SDR vs HDR: Which is Better & What's the Difference and How to Convert
Summary: HDR vs SDR, do you know their exact differences? What does SDR and HDR stand for? In this post, you will be familiarized with the most professional HDR to SDR conversion program. Read on for details.
It doesn't mean that you have a 4K TV you'll enjoy the fullest 4K quality. This is because there are two types of 4K Video - HDR and SDR. The similarity between the two is that they have 4000 lines of resolution. Although both have the same number of horizontal resolutions, their picture quality differs, however. What are the differences between HDR vs SDR? Let's figure out the truth.
Table of Contents
Let's delve into the definitions and principal features of SDR and HDR before advancing.
SDR, or Standard Dynamic Range, is a video standard typically found on non-4K HDTVs or in cinemas. Although certain high-grade SDR televisions produce commendable image quality, they cannot compete with the contrast ratio offered by HDR.
Switching gears to HDR, which stands for High Dynamic Range, it was initially used in still photography prior to transitioning to TVs, smartphones, computer monitors, among others. HDR offers a holistic color range, coupled with superior picture quality closely mirroring that observed with the human eye. The progression from SDR to HDR provides a boost in overall image details, something not achievable through SDR.
Up to 1,000 / 10,000 nits of brightness
providing a more vibrant and varied imagery.
|Typically up to 100 nits of brightness|
Usually supports 10 or 12 bits per color
so it can display billions of colors
Uses 8 bits per color
around 16.7 million possible colors.
Higher contrast ratio
noticeable difference between the dark and brightest parts
|Lower contrast ratio, meaning the difference between the darkest black and the brightest white is less distinct.|
|Color Volume & Gamut||Supports wider color gamuts such as Rec.2020 or DCI-P3, resulting in more accurate and realistic colors.||Covers smaller color space (Rec. 709 for HD), thus the range of colors viewed is limited.|
|Detail Representation||Retains detail in both bright and dark areas of the screen due to the wider dynamic range.||Bright areas may be overexposed and lose detail, dark areas may be underexposed and look muddy.|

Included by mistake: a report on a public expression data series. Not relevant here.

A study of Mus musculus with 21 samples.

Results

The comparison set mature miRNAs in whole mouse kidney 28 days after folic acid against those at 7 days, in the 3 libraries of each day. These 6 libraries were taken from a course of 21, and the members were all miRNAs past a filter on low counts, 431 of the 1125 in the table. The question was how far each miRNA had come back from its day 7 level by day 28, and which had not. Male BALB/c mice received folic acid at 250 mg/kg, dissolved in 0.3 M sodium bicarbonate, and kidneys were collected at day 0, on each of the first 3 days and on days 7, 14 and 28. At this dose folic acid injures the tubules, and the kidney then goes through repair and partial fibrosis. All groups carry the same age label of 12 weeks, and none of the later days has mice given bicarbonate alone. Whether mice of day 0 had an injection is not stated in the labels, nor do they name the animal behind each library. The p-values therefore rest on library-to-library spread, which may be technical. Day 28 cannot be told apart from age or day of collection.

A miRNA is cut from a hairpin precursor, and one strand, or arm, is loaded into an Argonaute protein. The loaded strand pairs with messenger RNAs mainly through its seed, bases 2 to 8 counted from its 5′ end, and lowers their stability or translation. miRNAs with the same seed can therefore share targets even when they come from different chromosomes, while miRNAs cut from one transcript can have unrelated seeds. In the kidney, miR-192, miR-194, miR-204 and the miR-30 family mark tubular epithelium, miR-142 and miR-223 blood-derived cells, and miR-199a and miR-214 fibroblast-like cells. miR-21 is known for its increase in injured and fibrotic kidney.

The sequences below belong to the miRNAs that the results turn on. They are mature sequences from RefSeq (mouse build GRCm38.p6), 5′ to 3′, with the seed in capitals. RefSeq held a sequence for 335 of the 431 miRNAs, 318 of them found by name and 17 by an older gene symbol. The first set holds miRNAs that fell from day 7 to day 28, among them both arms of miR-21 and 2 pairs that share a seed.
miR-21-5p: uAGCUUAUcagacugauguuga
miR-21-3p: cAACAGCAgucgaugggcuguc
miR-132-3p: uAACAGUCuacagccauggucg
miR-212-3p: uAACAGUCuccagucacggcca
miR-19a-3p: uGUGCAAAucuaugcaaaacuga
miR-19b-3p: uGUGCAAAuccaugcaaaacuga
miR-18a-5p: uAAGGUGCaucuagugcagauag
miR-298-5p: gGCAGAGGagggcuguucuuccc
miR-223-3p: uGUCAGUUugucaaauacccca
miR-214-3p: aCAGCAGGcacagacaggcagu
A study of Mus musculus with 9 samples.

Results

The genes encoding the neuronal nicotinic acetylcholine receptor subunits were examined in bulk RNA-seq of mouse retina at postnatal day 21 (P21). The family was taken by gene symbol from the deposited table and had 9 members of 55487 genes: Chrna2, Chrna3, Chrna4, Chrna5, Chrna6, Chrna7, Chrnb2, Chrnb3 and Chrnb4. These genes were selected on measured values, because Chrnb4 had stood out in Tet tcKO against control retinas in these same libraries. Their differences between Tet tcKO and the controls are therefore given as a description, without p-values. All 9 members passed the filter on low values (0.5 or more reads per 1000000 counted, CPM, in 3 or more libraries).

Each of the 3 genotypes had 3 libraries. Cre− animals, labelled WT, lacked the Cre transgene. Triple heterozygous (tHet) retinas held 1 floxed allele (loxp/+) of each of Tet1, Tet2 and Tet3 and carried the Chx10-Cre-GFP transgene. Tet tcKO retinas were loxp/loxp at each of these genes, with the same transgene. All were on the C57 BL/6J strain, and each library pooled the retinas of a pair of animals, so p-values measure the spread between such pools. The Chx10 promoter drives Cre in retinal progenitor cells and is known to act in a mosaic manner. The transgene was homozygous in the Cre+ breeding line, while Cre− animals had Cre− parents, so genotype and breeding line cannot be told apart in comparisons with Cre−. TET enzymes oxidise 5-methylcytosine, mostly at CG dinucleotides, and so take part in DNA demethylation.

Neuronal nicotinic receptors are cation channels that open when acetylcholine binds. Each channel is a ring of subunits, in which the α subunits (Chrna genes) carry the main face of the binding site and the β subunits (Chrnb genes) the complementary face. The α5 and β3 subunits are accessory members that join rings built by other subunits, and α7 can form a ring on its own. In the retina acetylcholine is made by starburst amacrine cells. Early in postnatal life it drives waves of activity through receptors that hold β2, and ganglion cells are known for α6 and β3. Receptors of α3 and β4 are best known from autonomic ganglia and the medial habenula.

|Equipment Compatibility||Needs specific hardware to display: HDR-compatible TVs, monitors, and media players.||Can be viewed on almost all screens, no special hardware is required.|
💡For a more direct video compare between SDR vs HDR, you can check the below YouTube video:
If you're an enthusiast looking for a superior home cinema experience, you might appreciate a 4K HDR TV for playing HDR videos. Tech keeps growing everyday, at present, it is possible to upscale SDR videos to HDR content using AI technology.
Download the UniFab HDR Upscaler AI software
Double-click UniFab and choose the mode 'HDR Upscaler' you need when it runs.
Load the source and edit the output video
Click the Add Video button to select the SDR video you want to edit in the local file. Then begin to edit the loaded video as desired.
Start to edit the video
Customize the video to be upscaled as HDR or Dolby Vision, click 'Settings' to choose the video codec, resolution, color space, etc.
In the movie, the overall SDR video is somewhat bright, with the central glow of fire illuminating the village amidst other sources of light, though the contrast is somewhat weak.
However, after the transformation of the SDR video into HDR video via UniFab HDR Upscaler AI, one can distinctly perceive the upgrade in visual effect, approaching the quality of native HDR.
The overall appearance of the SDR version is overly bright and saturated; it gives off the vibe of a leisurely spring outing, which does not capture the intent of the movie's expression.
However, after transforming the SDR into HDR video using Unifab HDR Upscaler AI, the visual effect closely aligns with native HDR, successfully encapsulating the emotive context of the film.
The main character is about to plunge into the sea in the script. In the HDR video, the sky is cloud-heavy, the lighting is dim, and there's an oppressive ambiance, which perfectly aligns with the narrative tone.
On the other hand, the SDR video, being overly bright, gives off a sensation of an imminent clear sky, hinting that things are about to turn around for the better - a sentiment that considerably deviates from the intended cinematic language.
The Unifab HDR Upscaler AI transformed the SDR video into HDR and caused a noticeable shift in visual aesthetics. The result now closely mirrors the authentic HDR experience and doesn't deliver a mismatched atmosphere that could conflict with the plot, thus more effectively articulating the cinematic expression.
The scene unfolds at sunset, showcasing the native HDR's natural presentation. Beyond the gleaming reflections of sunlight piercing through, the overall frame is shrouded in darkness, the light and shadow distribution aptly conforming to the given time setting.
In contrast, the SDR rendering seemingly evokes the time right at the dawn, the nascent sun lighting up tableware and casting a noticeable glow on the face of the man in the center, robed in white.
The transition from SDR to HDR appears intermediate between the two, yielding slightly better results than SDR alone.
Now that you’ve learned enough about the capability of UniFab HDR Upscaler AI , why don’t you give it a try by downloading it for free today and undertake SDR to HDR conversion painlessly? In the final analysis, knowing HDR vs SDR is beneficial to better enjoy your video content. You can upscale SDR video to HDR10 or Dolby Vision with a professional converter program, which is suitable for all kinds of scenes and all types of videos. How fantastic!